An ordinance change designed to give residents more recourse in housing disputes gets a public airing Aug. 21.

The case of a inspired a proposal to change the municipality's residential occupancy law that is now before the Town Council, according to Business Administrator Jasmine Lim. 

Last May, Ranya Tabik, a tenant of  on Baldwin Road, went before the Township Council and pleaded for help.

She told the body that the birth of her 4-year-old daughter, who is disabled, put her in violation of the current occupancy law. But though she and her husband turned their dining room into a separate bedroom for the child—and a 2010 inspection demonstrated that there was no overcrowding in the apartment—Tabik said Housing Coordinator Rena Plaxe told the family that the law deemed their bedroom approximately 25 square feet too small to permit a third resident in the space. 

After a talk with Mayor James Barberio, Tabik and her family were permitted to stay in the apartment. And the mayor said he would work to amend the law so that these situations do not occur again.

The promised ordinance change proposal had its introduction and first reading at the July 17 Town Council meeting.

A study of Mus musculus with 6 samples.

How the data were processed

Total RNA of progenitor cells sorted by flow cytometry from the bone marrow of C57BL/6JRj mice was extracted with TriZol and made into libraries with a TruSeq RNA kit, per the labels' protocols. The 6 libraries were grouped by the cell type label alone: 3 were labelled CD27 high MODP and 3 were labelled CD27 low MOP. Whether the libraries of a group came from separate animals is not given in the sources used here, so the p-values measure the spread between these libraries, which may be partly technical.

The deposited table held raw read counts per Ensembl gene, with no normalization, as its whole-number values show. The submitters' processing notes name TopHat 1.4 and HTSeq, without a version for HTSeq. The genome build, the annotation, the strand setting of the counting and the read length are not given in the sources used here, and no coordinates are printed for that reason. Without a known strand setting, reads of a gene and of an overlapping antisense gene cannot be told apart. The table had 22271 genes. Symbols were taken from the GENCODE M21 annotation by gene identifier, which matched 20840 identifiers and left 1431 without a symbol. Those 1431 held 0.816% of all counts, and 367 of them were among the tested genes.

Jasmine Lim said the amended law would have two separate, major changes.

"First, limitations of stay for guests are outlined," she said.

The details will be made public in time for the second reading, in which the entire proposal will be read into the public record.

"Second," Lim continued, "there is a waiver provision added for extenuating circumstances. The [zoning] director, Jennifer Collins, is responsible for reviewing and issuing waivers."

The proposed ordinance would offer another avenue of recourse for tenants like Tabik who are found to be in violation of the residency law, according to Lim.

"Any tenant who is issued a summons may appear in municipal court to defend themselves," she said.

The Township Council is expected to take up the matter during the proposal's second official at its next scheduled meeting, Aug. 21. Members of the public will have the opportunity to share their views for and against the measure before any vote takes place.

Robert Simpson July 26, 2012 at 03:13 PM
The residential occupancy law was established to protect the health and welfare of its occupents. Any deviation should be delt with with a variance.
Bill Holder July 26, 2012 at 10:16 PM
Mr. Simpson - Please read the article. The ordinance is not changing. Residents who are in violation may make an appeal to our municipal court system. Your use of "variance" is totally out of context.
Robert Simpson July 26, 2012 at 11:18 PM
Bill, I think I used the proper word. Dictionary:Variance "a license to do something contrary to the usual rule" If something can be done without the expense of making changes to an ordinance, shouldn't that be the path to be taken?